The Negro Struggle

“Labor with a White Skin Cannot Emancipate Itself Where Labor with a Black Skin Is Branded” – Karl Marx

(6 September 1941)

From The Militant, Vol. V No. 36, 6 September 1941, p. 5.
Transcribed & marked up by Einde O’ Callaghan for the Encyclopaedia of Trotskyism On-Line (ETOL).

According to William Patterson, a Negro representative of the Communist Party in Chicago, the Negro people are behind the war because it is a war against slavery just as much as the war of 1861, “This is our war,” he said at, a meeting on August 20. “Black America will play its part today just as it did in 1776 and again in 1861.”

Last week we refuted Patterson’s claims that the Negro people support the present war, and showed that since it is an imperialist war (not for democracy, but a fight between capitalist bandits over control of colonial markets and raw materials), the Negro people are correct in not supporting it. This week we want to discuss Patterson’s attempts to win Negro support for Roosevelt’s war plans by pretending that today’s imperialist war is like the wars of 1776 and 1861.

Wars the Negroes Supported

The capitalist historians have always tried to play down the role of the Negro in those wars. They do this to bolster up their reactionary ideas that the Negro is inferior and incapable of playing any important role in society. More and more people, however, are learning the truth nowadays and beginning to understand what a tremendous part the Negro masses had in the construction and development of the American republic.

We do not have to argue the question as to whether the Revolutionary War of 1776 was progressive. Everybody knows that. A great revolutionary movement, it secured independence for the colonies from their oppressor, Great Britain, and resulted in the formation of the most democratic government at that time in the world. Like all great revolutions, it was carried on militantly, arms in hand. Progress was secured at the cost of much suffering and sacrifice. People who are afraid of revolutions today try to gloss over the fact that American bourgeois democracy was created only by violent struggle.

In this revolution, the Negro people played a glorious role. Crispus Attucks, a Negro, was among the very first to fall in it. Elsewhere, on all the fronts of the war, Negroes did not hesitate to give everything they had, even their lives. For their numbers the Negro people, freeman and slave, were as much responsible for the victory of the colonists as anyone else.

Not all the tasks of this revolution were accomplished in the 18th century, however. Feudalism still existed and had much power in the south, in the person of the landlord slave-owning class. The Civil War was the second American revolution, and it ended in the defeat of the south and the weakening and even destruction in most respects of feudal power in this country. It preserved the unity and independence of the nation, so that the capitalists could go forward with the economic development of the country. It destroyed chattel slavery and set the Negro people free.

Again the Negro people were in the thick of the battle, again they were on the side of progress and social revolution. Hundreds of thousands of colored troops fought and worked on the Northern side; their brothers in the south aided the Union forces as best they could. Lincoln and other Northern leaders admitted that without the Negro soldiers they would not have won the war.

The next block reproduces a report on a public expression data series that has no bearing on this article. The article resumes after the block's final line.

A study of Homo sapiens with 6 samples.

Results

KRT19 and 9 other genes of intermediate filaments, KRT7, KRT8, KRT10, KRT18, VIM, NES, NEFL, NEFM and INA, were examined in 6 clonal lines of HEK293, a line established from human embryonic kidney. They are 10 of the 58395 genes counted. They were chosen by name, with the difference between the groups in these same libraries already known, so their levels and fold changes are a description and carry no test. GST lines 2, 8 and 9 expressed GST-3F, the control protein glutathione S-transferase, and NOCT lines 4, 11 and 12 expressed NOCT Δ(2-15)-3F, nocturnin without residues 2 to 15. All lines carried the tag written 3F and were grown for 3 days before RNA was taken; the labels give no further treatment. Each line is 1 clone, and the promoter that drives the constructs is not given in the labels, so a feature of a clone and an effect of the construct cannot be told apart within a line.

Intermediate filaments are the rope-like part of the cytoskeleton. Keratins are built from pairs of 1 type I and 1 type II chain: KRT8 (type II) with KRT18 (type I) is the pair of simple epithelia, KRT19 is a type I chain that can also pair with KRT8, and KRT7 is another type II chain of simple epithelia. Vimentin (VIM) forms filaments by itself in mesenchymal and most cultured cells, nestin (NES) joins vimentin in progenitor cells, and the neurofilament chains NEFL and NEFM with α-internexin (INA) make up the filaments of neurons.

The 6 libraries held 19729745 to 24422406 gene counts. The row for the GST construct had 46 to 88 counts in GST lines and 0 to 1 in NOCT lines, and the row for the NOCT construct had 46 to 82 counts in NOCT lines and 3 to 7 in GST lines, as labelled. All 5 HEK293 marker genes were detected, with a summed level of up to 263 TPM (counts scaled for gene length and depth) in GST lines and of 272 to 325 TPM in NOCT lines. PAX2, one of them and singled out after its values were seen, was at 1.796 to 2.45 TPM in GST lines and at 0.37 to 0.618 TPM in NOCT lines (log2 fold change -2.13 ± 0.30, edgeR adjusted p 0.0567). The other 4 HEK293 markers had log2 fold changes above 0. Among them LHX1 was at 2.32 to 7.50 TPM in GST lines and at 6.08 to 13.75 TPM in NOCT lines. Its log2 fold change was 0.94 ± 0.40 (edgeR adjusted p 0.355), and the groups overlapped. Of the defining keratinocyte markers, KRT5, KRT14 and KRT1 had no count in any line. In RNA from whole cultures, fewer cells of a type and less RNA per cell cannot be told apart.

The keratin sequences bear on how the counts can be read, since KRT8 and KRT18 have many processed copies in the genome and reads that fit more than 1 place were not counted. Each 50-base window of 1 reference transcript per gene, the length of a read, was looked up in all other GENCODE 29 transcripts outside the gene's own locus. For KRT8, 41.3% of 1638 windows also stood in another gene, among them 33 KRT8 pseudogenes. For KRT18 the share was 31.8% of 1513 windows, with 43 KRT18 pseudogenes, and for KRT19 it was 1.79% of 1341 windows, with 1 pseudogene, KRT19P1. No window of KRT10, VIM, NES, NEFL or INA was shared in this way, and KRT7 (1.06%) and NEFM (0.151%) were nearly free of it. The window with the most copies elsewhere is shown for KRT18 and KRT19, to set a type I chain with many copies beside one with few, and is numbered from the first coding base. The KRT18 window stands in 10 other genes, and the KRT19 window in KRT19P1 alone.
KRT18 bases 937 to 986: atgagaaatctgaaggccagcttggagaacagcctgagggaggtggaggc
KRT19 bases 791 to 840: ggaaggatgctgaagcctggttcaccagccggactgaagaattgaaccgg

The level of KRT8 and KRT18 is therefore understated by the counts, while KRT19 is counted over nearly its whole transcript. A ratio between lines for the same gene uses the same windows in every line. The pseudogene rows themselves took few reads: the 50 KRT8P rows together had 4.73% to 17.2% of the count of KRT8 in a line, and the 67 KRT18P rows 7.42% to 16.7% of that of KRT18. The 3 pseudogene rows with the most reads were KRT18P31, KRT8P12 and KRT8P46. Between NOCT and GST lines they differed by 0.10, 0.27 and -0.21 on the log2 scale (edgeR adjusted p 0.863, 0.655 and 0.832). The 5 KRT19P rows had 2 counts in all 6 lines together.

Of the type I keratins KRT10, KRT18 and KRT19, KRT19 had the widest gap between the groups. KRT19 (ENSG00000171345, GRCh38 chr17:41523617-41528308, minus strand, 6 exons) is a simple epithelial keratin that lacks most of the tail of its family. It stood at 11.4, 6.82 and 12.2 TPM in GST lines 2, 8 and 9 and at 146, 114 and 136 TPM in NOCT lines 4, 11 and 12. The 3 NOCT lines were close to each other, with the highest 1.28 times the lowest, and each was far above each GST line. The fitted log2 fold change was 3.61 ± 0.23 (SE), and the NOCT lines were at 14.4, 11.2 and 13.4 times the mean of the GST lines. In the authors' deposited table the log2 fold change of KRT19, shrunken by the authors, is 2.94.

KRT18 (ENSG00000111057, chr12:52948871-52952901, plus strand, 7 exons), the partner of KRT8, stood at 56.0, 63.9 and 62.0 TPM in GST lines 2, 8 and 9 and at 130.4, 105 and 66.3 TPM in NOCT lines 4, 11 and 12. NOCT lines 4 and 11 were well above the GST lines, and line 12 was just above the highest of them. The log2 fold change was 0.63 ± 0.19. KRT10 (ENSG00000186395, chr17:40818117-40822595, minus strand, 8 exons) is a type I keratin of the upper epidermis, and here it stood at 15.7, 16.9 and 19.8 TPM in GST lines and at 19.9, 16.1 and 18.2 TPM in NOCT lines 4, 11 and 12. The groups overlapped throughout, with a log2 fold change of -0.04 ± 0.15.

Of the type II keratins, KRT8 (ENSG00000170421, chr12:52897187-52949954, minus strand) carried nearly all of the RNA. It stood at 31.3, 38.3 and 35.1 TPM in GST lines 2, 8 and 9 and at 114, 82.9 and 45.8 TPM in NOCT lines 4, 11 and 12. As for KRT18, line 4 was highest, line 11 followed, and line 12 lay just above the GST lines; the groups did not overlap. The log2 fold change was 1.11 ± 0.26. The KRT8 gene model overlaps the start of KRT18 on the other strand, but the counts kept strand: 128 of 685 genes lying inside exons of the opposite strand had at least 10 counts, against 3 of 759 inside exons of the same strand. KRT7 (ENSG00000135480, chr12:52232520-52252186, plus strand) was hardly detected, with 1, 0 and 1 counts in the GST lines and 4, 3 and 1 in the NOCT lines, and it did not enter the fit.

What About the War of 1917?

Today the government and its lackeys, including the Stalinists, are using many of the same slogans employed in the two American revolutionary wars: for democracy, freedom, independence, against slavery, tyranny, dictatorship, etc. But the kind of war it is cannot be determined by what its supporters claim it is; for even Hitler knows how to use slogans in his own interests, even the slaveholders in the Civil War claimed that their war was in the interests of the slaves.

The Negro people in this country have already had an experience in wars and slogans which was very enlightening; that was in 1917.

And it is very significant that Patterson, who spoke about the war of 1941 and the wars of 80 and 165 years ago, had nothing to say about the war of 24 years ago, and the Negro role in and attitude toward that war.

For today’s war, so far as most workers are concerned, is a repetition of World War I, and the same kind of war. Patterson can’t mention it because the masses would immediately see through his stock phrases.

Again as in 1917 the capitalist class is conducting a war for its own profit. Workers are made to pay for it in money and blood. Negroes are Jim-Crowed in the armed forces and face a virtual blackout in industry. The outcome of the war will be the same for Negroes as after 1918, when they were lynched for daring to wear an Army uniform. (As a matter of fact already, even before we are in the war officially, the lynch spirit against Negro soldiers has been whipped up.)

This war will bring no improvement in conditions for the masses of the world, regardless of whether the Allies or the Axis powers win. Negroes in this country will get no benefits from a Roosevelt victory. They will have the same problems they had before the war, and probably worse.

The Revolutionary War and the Civil War were progressive, in the interests of the masses as well as the rising capitalist class. World War II, like World War I, is reactionary, in the interests only of capitalism decaying and in its death agonies. Negroes instinctively do not support it. Their instincts are healthy and correct.

These correct and revolutionary instincts of the Negro people must now be connected to an understanding of the kind of war they can and must support. This we intend to discuss week.